Find out now: How much will I get for Social Security?

This did come after rising .7 percent in February, but we’ll welcome any sort of decrease that benefits the wallet, as marginal as it may be.

What is the Cost of Living, exactly?

Every month, the U.S. Bureau of Labor Statistics announces data on the Consumer-Price Index (a measurement of the change in price of consumer goods and services) along with the Inflation or Deflation rate from the month before.

This data is compiled to calculate the Cost of Living, which is exactly what it sounds like – how much it will cost you per year to maintain a certain standard of living in a given city or state.

If you’re curious about how your salary would fare in an area different from the one you’re currently residing in, check out this comparative Cost of Living Calculator.

How much did it decrease by?

According to the Bureau of Labor Statistics, a decline in the price of gasoline was the primary cause of the drastic change, with the average price of a gallon dropping 11 cents. The drop in fuel price helped free up consumer’s budgets, so they had more cash to spend in other places. Anyone who commutes to work everyday can agree – it feels good to spend less on the necessities.

Gas prices have a direct impact on heating, fuel, and general energy costs. Laura Rosner, a U.S. Economist states that the recent change has had “some pass-through into other goods and services.”

This could be why the cost of the clothing industry dropped by a full percent, marking the biggest decrease seen in over a decade. A large drop in the price of baby clothes, mens socks, and mens underwear perpetuated this decline. Keep an eye out for deals on these items, because if you need to buy a foolproof gift, now is the perfect time.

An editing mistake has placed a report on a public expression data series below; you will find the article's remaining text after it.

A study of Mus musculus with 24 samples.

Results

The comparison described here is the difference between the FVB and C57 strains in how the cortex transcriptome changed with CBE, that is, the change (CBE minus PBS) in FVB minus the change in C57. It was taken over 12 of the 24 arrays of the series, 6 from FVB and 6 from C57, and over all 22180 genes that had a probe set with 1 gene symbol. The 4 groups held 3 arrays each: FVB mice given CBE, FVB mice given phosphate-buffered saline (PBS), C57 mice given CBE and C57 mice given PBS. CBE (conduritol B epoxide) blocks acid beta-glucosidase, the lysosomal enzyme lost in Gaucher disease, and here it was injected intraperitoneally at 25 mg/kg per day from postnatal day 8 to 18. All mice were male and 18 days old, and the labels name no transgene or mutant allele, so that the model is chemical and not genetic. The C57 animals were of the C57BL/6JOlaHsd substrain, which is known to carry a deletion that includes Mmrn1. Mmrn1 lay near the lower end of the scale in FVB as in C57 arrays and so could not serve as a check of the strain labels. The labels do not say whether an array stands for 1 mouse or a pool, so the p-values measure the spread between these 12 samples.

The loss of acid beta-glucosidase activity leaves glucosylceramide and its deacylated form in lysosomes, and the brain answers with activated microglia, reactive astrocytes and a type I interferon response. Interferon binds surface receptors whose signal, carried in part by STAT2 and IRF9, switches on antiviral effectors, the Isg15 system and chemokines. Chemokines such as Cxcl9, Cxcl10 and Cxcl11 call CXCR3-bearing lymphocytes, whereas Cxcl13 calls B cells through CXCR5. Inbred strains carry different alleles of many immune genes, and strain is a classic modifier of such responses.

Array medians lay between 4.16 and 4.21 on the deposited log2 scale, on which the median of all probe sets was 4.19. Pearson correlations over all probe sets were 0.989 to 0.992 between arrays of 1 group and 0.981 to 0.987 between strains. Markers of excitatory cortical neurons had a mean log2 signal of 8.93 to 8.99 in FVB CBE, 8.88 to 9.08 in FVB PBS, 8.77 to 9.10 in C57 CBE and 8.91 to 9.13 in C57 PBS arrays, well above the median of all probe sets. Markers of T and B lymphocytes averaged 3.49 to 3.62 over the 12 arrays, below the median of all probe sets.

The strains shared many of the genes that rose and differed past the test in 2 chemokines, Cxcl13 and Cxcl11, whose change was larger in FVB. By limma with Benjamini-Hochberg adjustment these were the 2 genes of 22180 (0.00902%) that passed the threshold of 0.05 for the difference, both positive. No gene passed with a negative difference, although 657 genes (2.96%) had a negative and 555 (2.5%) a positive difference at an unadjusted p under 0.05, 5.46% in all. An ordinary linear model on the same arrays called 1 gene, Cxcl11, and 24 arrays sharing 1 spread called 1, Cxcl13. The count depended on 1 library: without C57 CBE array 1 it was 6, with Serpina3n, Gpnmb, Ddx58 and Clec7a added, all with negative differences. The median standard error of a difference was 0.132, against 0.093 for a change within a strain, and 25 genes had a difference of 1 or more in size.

What You Can Do to Keep it Down


Follow the basic rules of Supply and Demand

When supply of a product goes up, demand goes down, along with the price of that good. So, to keep up the momentum of lower fuel prices, simply use less. Don’t take any unnecessary trips in the car, carpool to work, and do whatever you can to avoid putting the heat up (this obviously isn’t a problem in the summer months, but it’s a good practice to keep up year round).

Save water

Watch how you use your water, because carelessness can easily add up. It’s a good idea to fix leaky faucets, which drain your income more than you think. Additionally, consider putting an egg timer with you in the shower to keep it short and sweet so you don’t run up the bill.

Brew your coffee at home

Some major corporations have been inspired and are also trying to keep the cost of living down. Starbucks has recently announced that they will lower the prices of their pre-packaged coffee that is sold in supermarkets in an effort to reach a broader clientele. Use this to your advantage by buying ground coffee and making it at home. If you’re making it for more than one person, don’t be fooled by the individual-cup machines, which can often cost more than you would be willing to pay.

Calculate Your Own CPI

In other words, watch where you put your money – food, clothing, transportation, montly payments- and make cuts in the easiest places possible. For example, over half of the food expenses per household are caused by eating out, so if you can avoid the lazy take out nights by getting creative in your kitchen, do that.

When it comes to other consumer goods, like apparel, just use your common sense. Create a budget for yourself and your family at the beginning of the month and shop the sale rack for every occasion.

If these hints become habits for you, hopefully we’ll see more months like March in the future.

Photo Credit: flickr

Emma Giebler Emma Giebler is a freelance writer who covers a variety of personal finance topics. Her expertise includes homebuying and saving money. Emma graduated from Syracuse University.